Organic or Not Organic: A Farmer's Daughter Knows

From the Show: HER
Summary: Do you have to eat organic to get the most out of your food? The farmer's daughter will tell you.
Air Date: 12/4/17
Duration: 31:19
Host: Michelle King Robson and Pam Peeke, MD
Guest Bio: Amy Myrdal Miller, MS, RDN, FAND
Amy Myrdal MillerAmy Myrdal Miller, MS, RDN, FAND, is an award-winning dietitian, farmer’s daughter, public speaker, author, and founder and president of Farmer’s Daughter® Consulting, Inc., an agriculture, food, and culinary communications firm.

During her 20-year career in nutrition, Amy has worked for the Rippe Lifestyle Institute, Fleishman Hillard, Dole Food Company, the California Walnut Commission, and most recently The Culinary Institute of America (CIA).

Today Amy works with a variety of clients across the food system, including seed companies, grower cooperatives, commodity boards, restaurants, and national brands. She writes a monthly column for Produce Businessmagazine, and she is frequently interviewed by national print and online media for her perspectives on food, nutrition, and foodservice issues.

Amy earned her BS in dietetics from the University of California, Davis and her MS in nutrition communication from Tufts University School of Nutrition Science and Policy. She completed her dietetic internship at the University of Minnesota Hospital and Clinics.

A farmer’s daughter from North Dakota, today Amy and her husband Scott Miller live in Carmichael, California.

  • Guest Facebook Account: www.facebook.com/FarmersDaughterConsulting
  • Guest Twitter Account: @farmflavorfun
Organic or Not Organic: A Farmer's Daughter Knows
There’s very little chance you haven't heard about the organic food movement. What is it all about? Is organic food really that much better for you?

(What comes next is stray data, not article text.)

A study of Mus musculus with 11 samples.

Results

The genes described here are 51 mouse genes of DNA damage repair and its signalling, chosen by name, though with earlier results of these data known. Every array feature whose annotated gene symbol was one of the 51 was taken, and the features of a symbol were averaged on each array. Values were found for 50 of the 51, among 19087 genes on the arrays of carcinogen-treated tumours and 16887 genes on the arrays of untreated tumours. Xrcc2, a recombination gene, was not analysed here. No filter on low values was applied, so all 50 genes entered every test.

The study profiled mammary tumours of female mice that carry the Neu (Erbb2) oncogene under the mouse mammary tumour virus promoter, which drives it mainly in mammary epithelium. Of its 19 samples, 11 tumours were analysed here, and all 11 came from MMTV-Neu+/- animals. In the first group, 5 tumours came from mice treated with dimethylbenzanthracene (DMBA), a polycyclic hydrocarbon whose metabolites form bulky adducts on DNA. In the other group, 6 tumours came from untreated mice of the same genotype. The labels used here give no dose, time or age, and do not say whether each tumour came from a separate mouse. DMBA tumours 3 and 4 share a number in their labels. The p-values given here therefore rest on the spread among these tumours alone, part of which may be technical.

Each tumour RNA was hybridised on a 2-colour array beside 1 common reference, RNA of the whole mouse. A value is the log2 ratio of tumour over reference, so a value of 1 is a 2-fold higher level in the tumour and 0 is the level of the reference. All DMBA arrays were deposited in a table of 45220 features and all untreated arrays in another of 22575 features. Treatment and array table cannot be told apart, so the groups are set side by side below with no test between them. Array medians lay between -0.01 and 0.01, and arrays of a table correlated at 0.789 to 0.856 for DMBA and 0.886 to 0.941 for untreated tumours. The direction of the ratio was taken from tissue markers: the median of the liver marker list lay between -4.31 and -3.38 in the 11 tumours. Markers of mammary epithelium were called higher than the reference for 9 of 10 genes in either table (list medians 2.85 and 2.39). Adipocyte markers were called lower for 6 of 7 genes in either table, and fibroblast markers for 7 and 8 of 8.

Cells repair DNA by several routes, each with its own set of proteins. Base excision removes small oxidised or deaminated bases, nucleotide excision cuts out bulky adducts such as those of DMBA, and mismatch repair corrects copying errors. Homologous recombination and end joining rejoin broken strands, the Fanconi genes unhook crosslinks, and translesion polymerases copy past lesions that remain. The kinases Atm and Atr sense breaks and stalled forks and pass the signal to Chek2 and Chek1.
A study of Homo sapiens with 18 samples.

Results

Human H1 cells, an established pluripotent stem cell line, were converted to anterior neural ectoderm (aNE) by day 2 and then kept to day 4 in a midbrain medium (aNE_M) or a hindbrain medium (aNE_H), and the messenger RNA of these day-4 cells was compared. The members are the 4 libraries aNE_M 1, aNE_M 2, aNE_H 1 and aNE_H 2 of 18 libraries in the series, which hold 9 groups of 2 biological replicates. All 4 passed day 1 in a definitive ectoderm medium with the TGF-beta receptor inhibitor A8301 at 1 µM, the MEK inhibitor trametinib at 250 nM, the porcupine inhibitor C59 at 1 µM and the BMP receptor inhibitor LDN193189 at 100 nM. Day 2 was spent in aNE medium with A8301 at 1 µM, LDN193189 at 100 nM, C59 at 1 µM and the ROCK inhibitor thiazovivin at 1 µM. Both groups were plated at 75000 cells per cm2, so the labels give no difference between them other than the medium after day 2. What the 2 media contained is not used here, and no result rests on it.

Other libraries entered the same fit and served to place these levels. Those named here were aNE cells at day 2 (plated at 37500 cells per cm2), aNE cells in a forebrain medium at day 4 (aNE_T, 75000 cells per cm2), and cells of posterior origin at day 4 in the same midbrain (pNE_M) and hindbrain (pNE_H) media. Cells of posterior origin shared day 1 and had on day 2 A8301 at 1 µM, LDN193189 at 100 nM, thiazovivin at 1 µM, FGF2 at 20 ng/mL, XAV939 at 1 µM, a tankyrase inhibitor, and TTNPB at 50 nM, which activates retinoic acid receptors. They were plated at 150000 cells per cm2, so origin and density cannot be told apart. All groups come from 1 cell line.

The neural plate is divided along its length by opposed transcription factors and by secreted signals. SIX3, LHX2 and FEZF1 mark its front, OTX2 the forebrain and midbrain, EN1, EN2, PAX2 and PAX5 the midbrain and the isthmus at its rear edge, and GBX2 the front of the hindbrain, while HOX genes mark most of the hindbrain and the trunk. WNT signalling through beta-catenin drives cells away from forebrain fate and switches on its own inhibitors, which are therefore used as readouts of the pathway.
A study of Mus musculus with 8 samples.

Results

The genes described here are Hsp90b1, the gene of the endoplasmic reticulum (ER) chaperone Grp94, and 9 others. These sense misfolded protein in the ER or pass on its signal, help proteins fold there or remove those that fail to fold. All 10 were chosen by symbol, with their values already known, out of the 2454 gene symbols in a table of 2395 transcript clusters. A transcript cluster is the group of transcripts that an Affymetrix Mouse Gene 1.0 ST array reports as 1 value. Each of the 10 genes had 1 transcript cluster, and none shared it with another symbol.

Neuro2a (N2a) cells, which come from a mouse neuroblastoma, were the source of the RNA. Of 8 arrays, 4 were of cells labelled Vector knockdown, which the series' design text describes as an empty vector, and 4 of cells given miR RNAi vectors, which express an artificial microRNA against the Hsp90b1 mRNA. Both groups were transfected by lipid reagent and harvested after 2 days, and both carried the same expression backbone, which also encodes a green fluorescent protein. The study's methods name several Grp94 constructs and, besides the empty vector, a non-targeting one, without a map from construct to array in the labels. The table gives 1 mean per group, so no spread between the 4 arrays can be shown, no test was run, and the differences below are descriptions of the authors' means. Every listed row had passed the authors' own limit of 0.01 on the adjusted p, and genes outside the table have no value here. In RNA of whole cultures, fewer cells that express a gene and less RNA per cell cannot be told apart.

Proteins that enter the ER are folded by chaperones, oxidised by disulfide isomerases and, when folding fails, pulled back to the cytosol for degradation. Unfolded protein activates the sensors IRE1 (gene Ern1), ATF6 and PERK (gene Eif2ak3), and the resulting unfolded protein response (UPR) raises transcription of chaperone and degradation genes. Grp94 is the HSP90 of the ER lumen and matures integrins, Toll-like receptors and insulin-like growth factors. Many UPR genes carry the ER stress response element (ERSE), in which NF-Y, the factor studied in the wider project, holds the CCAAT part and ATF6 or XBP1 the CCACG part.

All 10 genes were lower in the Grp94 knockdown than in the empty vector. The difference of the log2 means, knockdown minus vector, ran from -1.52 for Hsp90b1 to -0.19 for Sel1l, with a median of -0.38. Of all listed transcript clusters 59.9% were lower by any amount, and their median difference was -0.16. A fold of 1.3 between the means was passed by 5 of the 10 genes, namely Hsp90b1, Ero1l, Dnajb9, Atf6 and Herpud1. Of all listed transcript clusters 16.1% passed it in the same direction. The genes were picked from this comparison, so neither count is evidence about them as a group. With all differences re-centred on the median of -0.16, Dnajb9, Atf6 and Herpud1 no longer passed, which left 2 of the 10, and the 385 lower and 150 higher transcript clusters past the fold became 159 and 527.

Organic is an agricultural production method. Farmers gain the organic classification by controlling certain factors in food production.

The nutritional quality of food isn’t significantly different from non-organic foods. It’s more important to look at the overall quality of your diet. Are you eating an abundance of plant-based foods? That’s a better place to start improving diet than refusing to eat anything designated non-organic. Consider the overall quality of your diet first.

It’s more important to pick the best foods that fit your budget.

Whole foods and lean cuts of meat are smart choices for your diet. Eliminate the processed foods, added sugars and excessive sodium.

Enroll in a cooking class at a local store or community college. Ask a friend for cooking technique lessons. Use these skills to prepare delicious foods for your family and gain control over what you’re consuming.

Listen as Amy Myrdal Miller joins Dr. Pamela Peeke to share the value of good nutrition, as well as discuss agricultural production methods.